Consuming A More Balanced Media Diet

The rockets have ceased in Israel and Palestine, for now. The Supreme Court is gearing up to hear a landmark abortion case. The New York attorney general’s office has opened a criminal investigation into the Trump Organization.

Dramatic happenings, for just one week. But obviously you could pick any week of the year and find headlines as dramatic and more. There is no shortage of news to titillate, to irritate, to infuriate.

And the temptation, nearly always, is to decide: THIS good, THAT bad. THIS right, THAT wrong. To cast judgments shaped by our political and other proclivities -- and then, humans that we are, to seek out affirmation that what we have decided is true.

It’s a great feeling, to be proven right, isn’t it? It scratches such an itch. So we seek it out, again and again. We read from sources that agree with us, so we can point to them: See! I’m not biased or unreasonable! This journalist right here agrees with me!



Like ice cream, the feeling of being right tastes sweet in the moment. But, like ice cream, too much of it, over too long a period, is dangerous.

The danger is that we cease wanting to learn, and only want to know. That we abandon curiosity for certainty. That we ignore the sage advice of French essayist Joseph Joubert (The aim of argument, or of discussion, should not be victory, but progress) and seek victory rather than progress.

There is another way.

We can seek analysis from those who challenge us. We can tune into media outlets that represent a complexity of viewpoints, or those that target a demographic wildly different than our own.

We can read outlets like Isaac Saul’s Tangle: “an independent, ad-free, subscriber-supported politics newsletter that summarizes the best arguments from across the political spectrum” and then offers Saul's take.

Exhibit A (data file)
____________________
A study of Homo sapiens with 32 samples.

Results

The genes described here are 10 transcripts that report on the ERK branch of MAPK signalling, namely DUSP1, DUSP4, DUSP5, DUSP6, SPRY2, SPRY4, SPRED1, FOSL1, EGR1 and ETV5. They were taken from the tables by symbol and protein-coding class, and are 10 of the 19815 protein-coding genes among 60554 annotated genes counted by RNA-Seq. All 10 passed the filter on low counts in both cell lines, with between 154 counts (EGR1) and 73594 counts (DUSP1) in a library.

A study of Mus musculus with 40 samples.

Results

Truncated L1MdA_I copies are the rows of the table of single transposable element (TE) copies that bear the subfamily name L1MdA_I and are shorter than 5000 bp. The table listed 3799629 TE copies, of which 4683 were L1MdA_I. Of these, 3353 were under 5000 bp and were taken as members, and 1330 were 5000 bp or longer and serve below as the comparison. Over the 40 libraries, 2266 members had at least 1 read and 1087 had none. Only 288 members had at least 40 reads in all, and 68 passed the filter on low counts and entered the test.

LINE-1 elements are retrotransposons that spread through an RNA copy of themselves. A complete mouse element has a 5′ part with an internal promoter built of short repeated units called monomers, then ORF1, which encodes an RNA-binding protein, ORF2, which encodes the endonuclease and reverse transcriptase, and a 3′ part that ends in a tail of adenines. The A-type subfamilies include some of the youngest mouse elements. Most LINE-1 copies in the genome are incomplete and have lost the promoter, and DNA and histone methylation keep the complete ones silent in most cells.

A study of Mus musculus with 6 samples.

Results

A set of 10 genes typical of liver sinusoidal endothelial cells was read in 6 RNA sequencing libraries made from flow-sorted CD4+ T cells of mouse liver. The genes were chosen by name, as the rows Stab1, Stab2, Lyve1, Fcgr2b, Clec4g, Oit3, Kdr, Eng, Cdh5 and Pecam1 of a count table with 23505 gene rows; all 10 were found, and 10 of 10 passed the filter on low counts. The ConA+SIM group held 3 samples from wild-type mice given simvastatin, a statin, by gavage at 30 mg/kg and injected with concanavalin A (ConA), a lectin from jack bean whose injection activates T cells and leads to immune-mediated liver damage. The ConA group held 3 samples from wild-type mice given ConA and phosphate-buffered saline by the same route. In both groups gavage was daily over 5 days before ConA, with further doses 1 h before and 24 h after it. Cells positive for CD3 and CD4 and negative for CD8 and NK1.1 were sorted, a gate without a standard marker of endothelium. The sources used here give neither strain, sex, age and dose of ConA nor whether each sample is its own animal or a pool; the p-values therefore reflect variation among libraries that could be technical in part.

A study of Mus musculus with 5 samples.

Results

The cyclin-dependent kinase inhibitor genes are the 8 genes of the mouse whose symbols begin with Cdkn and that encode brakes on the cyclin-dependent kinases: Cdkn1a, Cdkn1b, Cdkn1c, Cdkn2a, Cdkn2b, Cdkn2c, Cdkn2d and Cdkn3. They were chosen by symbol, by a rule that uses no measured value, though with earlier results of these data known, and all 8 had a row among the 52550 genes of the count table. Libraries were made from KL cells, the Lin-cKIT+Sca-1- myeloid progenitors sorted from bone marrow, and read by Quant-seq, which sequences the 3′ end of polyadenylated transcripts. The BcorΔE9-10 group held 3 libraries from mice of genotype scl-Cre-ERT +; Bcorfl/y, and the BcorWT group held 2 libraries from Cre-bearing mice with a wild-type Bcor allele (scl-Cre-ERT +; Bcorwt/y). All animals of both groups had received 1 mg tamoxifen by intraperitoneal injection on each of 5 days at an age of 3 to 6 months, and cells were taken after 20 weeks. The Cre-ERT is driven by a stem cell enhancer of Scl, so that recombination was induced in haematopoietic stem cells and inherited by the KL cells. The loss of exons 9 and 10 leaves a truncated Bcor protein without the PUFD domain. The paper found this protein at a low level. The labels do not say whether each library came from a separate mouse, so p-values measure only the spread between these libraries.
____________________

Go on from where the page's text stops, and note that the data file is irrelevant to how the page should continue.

Here’s how he covered the conflict in Israel and Palestine: “There is a pretty consistent rhetorical strategy being used by both sides in this debate. On the right, the issue is consistently framed around Hamas, and around terrorism, and around the way the militant group has treated Jews and even its own people. On the left, the issue is framed around the power imbalance, the strength of Israel, the allegations of apartheid, and the Palestinian citizens who are harmed during these conflicts…

“As a Jew, I’m not going to sit here and pretend those statements don’t erode my sympathy or impact me. But it’s also true that Hamas itself is divided, at times has sought out peace, and does not enjoy total support of the Palestinian people. In fact, support for Hamas is quite divided, and the group even released a new policy document in 2017 that softened its position and accepted the creation of an interim Palestine in Gaza, the West Bank and East Jerusalem (while simultaneously not acknowledging Israel). It is, right now, in a power struggle with Abbas and Fatah for the support of Palestinians.”

When I read Tangle, I don’t feel validated. Tangle doesn’t tell me how smart I already am. Tangle makes me smart-er. It helps me become more sophisticated and nuanced in my understanding of the issues. I may still maintain my position, but I have a greater appreciation for why someone might maintain an alternative one.

Tangle isn’t the only solution, obviously. But it is an example of the type of media diet we should be seeking to consume: one that helps us grow into healthy, caring, curious humans, humans who can engage with the full complexity of each other and appreciate that we are all coming at things from different angles.

It’s not the short-term sugar rush of being told we’re right. It’s the long-term joy of a balanced diet. And it’s definitely worth it.

1 comment about "Consuming A More Balanced Media Diet".

    Outstandingly rational POV.  Many are struggling with "Infobesity".  Key need for all of us to not only manage total # of media "calories" (or kilojules), but to also have a balanced diet to reduce the % of empty media calories.